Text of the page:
What to expect for Leeds United's exciting newly-recruited class of 2021 scholars
Leeds United hosted their 2021 intake of scholars with the traditional signing ceremony at Elland Road this week.
The young hopefuls heard words of wisdom in a welcome from the club’s CEO Angus Kinnear, director of football Victor Orta and academy manager Adam Underwood before posing for photographs with their shirts, each of them numbered 21 to mark the year they began their full-time football education in earnest.
Leeds like to make the youngsters feel the part, without making too much of a song and dance about them.
Some have already built something of a profile for themselves - Ronnie McGrath featured in a BBC ‘wonderkids’ video and when he tweeted about signing on Tuesday night it quickly gathered over 1,000 likes.
Similarly, Darryl Ombang, like McGrath an England youth international, has filled column inches in national newspapers this summer ahead of his trip down the road from Bradford City to Elland Road.
Leeds rate them all highly yet don’t want to build too much expectation or hype around them. After all, they are just 16 years old, with the exception of former Watford prospect James Debayo who celebrates his birthday next week.
Premier League status and the club’s stature and history helps attract kids, who were on the radar at many other clubs including top-flight ones, to Elland Road.
Everything that Leeds United represents is part of the package the club sells to players, parents and representatives, yet it’s also part of the reason why they take care not to let the narrative around a young player run wild.
The scholars have much to look forward to, not only in terms of the facilities and Marcelo Bielsa-inspired training available to them, but the backing of a vast fanbase, the love and support of thousands of strangers who will pop up on their social media feeds, willing them to become the next Kalvin Phillips, the next big thing.
The longer they stay at Thorp Arch, the higher they progress and farther down the line the more minutes they play for the Under-23s live on LUTV, the more attention they can expect.
They can also expect to be written off, just like Phillips was. Leeds Twitter, circa 2017/2018, pre Bielsa, makes for interesting reading in light of the England midfielder’s Euro 2020 performances.
For a player condemned to a life of League One football 'at best' by some of his own, his standing as a Premier League player and 15-cap Three Lions star who would command an eye-watering fee is quite the turnaround.
Many saw the talent and the potential, few predicted this, before Bielsa got his hands on him at least.
Herein lies the danger of setting, with absolute certainty, a ceiling on any young player’s future and being made to look foolish.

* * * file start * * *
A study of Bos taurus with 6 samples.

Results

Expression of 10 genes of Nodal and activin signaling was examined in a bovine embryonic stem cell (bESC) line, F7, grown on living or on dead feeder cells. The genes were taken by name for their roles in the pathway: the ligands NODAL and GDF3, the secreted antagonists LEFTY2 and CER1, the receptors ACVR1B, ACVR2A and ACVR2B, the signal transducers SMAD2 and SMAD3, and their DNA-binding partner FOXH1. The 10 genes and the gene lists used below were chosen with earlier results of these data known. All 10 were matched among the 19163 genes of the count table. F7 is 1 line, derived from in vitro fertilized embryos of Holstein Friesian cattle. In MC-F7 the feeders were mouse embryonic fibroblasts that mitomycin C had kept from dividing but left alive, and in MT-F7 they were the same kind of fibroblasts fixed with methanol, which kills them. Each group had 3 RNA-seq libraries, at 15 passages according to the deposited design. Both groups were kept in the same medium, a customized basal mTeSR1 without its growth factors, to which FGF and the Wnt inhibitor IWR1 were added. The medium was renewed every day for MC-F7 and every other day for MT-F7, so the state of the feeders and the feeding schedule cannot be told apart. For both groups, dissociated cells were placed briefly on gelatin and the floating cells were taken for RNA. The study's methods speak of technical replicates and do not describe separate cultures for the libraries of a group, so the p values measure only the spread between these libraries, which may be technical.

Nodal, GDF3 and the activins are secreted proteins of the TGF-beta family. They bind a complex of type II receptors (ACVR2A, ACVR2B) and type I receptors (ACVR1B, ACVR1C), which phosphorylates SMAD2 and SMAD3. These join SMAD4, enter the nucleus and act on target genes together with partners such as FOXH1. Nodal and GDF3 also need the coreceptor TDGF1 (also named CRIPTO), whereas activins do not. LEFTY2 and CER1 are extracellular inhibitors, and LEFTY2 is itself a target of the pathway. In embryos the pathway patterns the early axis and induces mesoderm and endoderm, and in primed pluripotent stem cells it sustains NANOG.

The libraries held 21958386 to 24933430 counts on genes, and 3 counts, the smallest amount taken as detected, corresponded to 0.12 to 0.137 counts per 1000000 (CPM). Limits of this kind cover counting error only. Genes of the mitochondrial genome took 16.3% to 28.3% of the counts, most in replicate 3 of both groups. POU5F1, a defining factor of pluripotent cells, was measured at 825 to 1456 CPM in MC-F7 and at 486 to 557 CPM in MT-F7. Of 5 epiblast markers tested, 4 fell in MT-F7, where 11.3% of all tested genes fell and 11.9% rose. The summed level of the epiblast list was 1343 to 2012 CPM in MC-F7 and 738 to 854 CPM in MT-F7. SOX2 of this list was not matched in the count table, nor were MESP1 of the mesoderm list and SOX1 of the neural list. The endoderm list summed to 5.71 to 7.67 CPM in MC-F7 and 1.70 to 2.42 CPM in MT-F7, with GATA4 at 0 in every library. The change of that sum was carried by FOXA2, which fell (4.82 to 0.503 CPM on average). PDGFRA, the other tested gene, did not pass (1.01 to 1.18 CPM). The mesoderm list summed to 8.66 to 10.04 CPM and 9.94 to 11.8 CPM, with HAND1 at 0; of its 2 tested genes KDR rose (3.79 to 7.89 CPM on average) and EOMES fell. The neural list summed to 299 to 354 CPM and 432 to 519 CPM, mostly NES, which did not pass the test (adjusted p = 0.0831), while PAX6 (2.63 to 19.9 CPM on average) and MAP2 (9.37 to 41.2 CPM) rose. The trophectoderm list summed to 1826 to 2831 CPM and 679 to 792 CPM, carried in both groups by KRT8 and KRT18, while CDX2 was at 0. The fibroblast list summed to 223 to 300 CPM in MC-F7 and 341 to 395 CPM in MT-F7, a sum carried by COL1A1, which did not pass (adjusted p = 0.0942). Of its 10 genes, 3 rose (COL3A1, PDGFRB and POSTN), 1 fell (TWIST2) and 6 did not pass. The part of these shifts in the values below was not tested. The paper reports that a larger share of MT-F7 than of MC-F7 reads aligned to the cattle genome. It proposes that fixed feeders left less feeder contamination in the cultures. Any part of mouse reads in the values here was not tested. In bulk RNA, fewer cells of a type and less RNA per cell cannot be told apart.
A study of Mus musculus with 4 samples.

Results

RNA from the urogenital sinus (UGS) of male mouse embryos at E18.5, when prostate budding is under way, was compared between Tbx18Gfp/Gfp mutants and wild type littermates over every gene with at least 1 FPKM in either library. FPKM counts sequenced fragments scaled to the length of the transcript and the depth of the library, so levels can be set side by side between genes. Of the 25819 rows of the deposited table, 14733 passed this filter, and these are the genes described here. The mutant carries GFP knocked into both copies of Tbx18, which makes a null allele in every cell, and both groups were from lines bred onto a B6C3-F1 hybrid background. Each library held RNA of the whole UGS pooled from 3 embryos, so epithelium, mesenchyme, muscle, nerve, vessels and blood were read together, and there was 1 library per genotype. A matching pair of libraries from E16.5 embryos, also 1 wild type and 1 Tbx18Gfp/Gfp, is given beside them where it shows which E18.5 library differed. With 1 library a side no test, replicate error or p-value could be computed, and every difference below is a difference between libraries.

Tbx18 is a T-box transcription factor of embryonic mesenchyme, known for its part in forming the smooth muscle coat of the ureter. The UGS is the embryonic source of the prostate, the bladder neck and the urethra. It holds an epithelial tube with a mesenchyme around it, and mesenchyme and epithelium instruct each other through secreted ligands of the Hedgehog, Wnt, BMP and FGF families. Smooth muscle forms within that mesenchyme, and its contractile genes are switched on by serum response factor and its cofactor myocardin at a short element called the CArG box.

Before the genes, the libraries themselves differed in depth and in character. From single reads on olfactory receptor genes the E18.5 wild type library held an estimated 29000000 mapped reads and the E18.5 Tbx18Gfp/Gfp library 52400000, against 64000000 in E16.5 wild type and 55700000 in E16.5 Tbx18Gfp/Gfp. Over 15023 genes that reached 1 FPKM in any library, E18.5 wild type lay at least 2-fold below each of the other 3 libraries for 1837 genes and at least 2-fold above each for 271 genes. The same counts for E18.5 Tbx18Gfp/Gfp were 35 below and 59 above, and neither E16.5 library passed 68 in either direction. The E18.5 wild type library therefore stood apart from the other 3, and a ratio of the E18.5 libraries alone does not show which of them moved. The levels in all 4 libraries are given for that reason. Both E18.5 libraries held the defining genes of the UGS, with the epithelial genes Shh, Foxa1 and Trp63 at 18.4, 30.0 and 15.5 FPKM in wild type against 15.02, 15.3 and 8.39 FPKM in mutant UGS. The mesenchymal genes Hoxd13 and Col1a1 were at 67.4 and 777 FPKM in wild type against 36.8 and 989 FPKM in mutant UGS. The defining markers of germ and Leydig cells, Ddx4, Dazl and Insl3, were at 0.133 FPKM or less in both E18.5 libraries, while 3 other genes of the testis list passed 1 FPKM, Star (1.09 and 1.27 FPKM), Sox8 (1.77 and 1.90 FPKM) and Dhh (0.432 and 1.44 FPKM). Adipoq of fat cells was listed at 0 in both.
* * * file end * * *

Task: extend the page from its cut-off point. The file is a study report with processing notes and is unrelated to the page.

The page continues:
Phillips is far from alone in the Leeds dressing room in being able to boast that he proved people very wrong - Liam Cooper and Patrick Bamford can wave at their critics from a far loftier perch than the one prophesied for them.
Alfie McCalmont is an example of a player some have now decided will not ‘make it’ because he played in League Two last season and will line up in League One come August, evidently forgetting that their idea of making it is not universally accepted, that a goalscoring midfielder will rarely be shy of work and that Ben White, of the Premier League, England and potentially Arsenal, worked his way up to this point via Leagues Two, One and the Championship.
Similarly, players who were tipped for the top, teenagers who held genuine promise only to fall short of their projected achievements are in abundance among the alumni of clubs all over the world.
Everyone has an opinion and a right to share it yet, even if you can confidently show your working out, football can make you look very silly.
Leeds hope to shield their youngsters, as best they can, from all of that.
People will comment ‘baller’ or ‘your time’ or ‘big future’ on every picture the scholars publish and there’s certainly nothing wrong with encouragement, but natural excitement and enthusiasm over potential should be kept in check.
What the class of 2021 have to get their head around is that strangers, both well meaning and sycophantic, hyping them may well be the same strangers writing them off and firing off apathetic tweets about their ability and prospects. The same media that prefaced their name with ‘highly rated’ will have little hesitation in replacing that with ‘flop’.
The hope is that they, like Phillips, will become attuned only to the views that matter, those of their coaches, of Underwood, of Bielsa and their loved ones and filter out the rest as ‘noise’. The hope is that they once again pose for photos at Elland Road, pen poised over a professional deal.
Whether they prove anyone else right or wrong is irrelevant.